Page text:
A comment on this post from “~”, writer of the Volatility Futures and Options blog, revealed that in this post I made the mistake of assuming that correlation meant causation in analysing the data—a danger I warn against in Patterns, Predictions, and the Correlation Fairy. It’s too bad, it was a fun story. I’m not beating myself up about it, but it illustrates the dangers (and ease) of constructing a story to fit the data. The coincidences in this case seemed compelling, but a little additional research might have found the information that “~” discovered.
Here’s his comment:
“the explanation for the abrupt decline of daily range is much simpler – S&P changed the way it computes high and low. The timing of this change just happen to coincide with the futures listing. “… the index high and index low were compiled by aggregating the highs and lows of individual firm prices for each day. This amounts to assume that the highs and lows for all 500 companies occur at the same time in each day. This is clearly an incorrect assumption and amounts to an overestimate of the highs and an underestimate of the lows. As a result, the ranges are over-estimated.” Source: Ray Y. Chou (2006), Modeling the Asymmetry of Stock Movements Using Price Ranges, in Dek Terrell,Thomas B. Fomby (ed.) Econometric Analysis of Financial and Economic Time Series (Advances in Econometrics, Volume 20 Part 1) Emerald Group Publishing Limited, pp.231 – 257″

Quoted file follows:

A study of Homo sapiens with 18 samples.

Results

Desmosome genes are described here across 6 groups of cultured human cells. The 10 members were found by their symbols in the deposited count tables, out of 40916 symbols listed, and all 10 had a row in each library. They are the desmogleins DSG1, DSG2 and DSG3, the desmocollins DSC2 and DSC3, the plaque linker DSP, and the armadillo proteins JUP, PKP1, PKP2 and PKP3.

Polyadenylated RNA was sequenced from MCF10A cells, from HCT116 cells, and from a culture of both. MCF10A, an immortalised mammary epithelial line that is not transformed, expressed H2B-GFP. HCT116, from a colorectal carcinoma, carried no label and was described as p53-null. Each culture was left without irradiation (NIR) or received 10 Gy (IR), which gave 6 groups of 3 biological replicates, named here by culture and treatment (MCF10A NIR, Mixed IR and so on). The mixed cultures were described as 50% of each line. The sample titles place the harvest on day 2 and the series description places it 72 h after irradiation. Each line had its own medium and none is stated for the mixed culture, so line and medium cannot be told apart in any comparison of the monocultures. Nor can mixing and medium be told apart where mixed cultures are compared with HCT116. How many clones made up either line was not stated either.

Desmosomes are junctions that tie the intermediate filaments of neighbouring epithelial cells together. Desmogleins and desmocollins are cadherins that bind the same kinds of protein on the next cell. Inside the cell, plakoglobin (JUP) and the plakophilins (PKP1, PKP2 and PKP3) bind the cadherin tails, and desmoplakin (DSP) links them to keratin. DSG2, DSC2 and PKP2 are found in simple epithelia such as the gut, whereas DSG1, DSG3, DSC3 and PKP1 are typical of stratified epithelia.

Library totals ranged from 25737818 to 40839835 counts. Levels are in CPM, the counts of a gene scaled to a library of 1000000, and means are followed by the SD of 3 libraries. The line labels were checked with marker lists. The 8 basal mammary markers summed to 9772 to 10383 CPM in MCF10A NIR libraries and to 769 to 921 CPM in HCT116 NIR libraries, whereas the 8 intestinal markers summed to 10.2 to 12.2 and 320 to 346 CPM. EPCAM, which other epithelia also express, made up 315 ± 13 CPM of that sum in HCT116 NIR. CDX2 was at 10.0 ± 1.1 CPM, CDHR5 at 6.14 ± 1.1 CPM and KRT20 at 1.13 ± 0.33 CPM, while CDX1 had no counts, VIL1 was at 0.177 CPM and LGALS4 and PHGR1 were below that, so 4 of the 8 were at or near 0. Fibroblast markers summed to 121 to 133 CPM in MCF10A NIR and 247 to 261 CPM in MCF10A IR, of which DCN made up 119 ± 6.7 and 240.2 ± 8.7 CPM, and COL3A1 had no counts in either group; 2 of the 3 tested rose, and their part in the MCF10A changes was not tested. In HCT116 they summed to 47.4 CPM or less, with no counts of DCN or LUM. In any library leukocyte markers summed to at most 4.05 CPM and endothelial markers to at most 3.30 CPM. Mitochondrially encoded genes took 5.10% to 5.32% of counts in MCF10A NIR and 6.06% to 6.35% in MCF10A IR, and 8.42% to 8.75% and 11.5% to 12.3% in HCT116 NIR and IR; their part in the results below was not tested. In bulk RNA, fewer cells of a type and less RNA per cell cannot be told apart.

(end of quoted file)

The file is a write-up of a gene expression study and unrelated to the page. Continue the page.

Original post July 2013
Recently I have been analyzing long term volatility trends using S&P 500 index daily results. One of the things I calculated was the high-low daily range expressed in percentage. The chart looks like this:
What caught my eye was the drop in the lower bound in 1982. Before 1982 the daily range rarely dropped below 1%, and then it dropped instantaneously to around 0.3%. The upper bound did not seem to be significantly affected. I zoomed in on the first half of 1982.
The shift happened on April 21st, 1982. That date didn’t ring any bells for me, so I did a Google search and found this.
This was the day S&P 500 Futures started trading. I don’t think the change in the intraday range was a coincidence.
The S&P 500 index went from being a metric to an investible security, and the behavior of the entire market was impacted. This change was almost certainly driven by arbitrage. With futures it’s straightforward to capture any signficant differences between what a future is trading at and the value of the underlying stocks (see this post for more info). Arbitrage tends to keep the futures price aligned to the index, but since the underlying stocks are being bought/sold en-masse as part of the arbitrage operation—without regard to their individual situation it also increases the correlation between stocks in the index.
Since this beginning in 1982, the rise of the tradable index has changed the face of investing, and is one of the key drivers of the increased volatility of the market.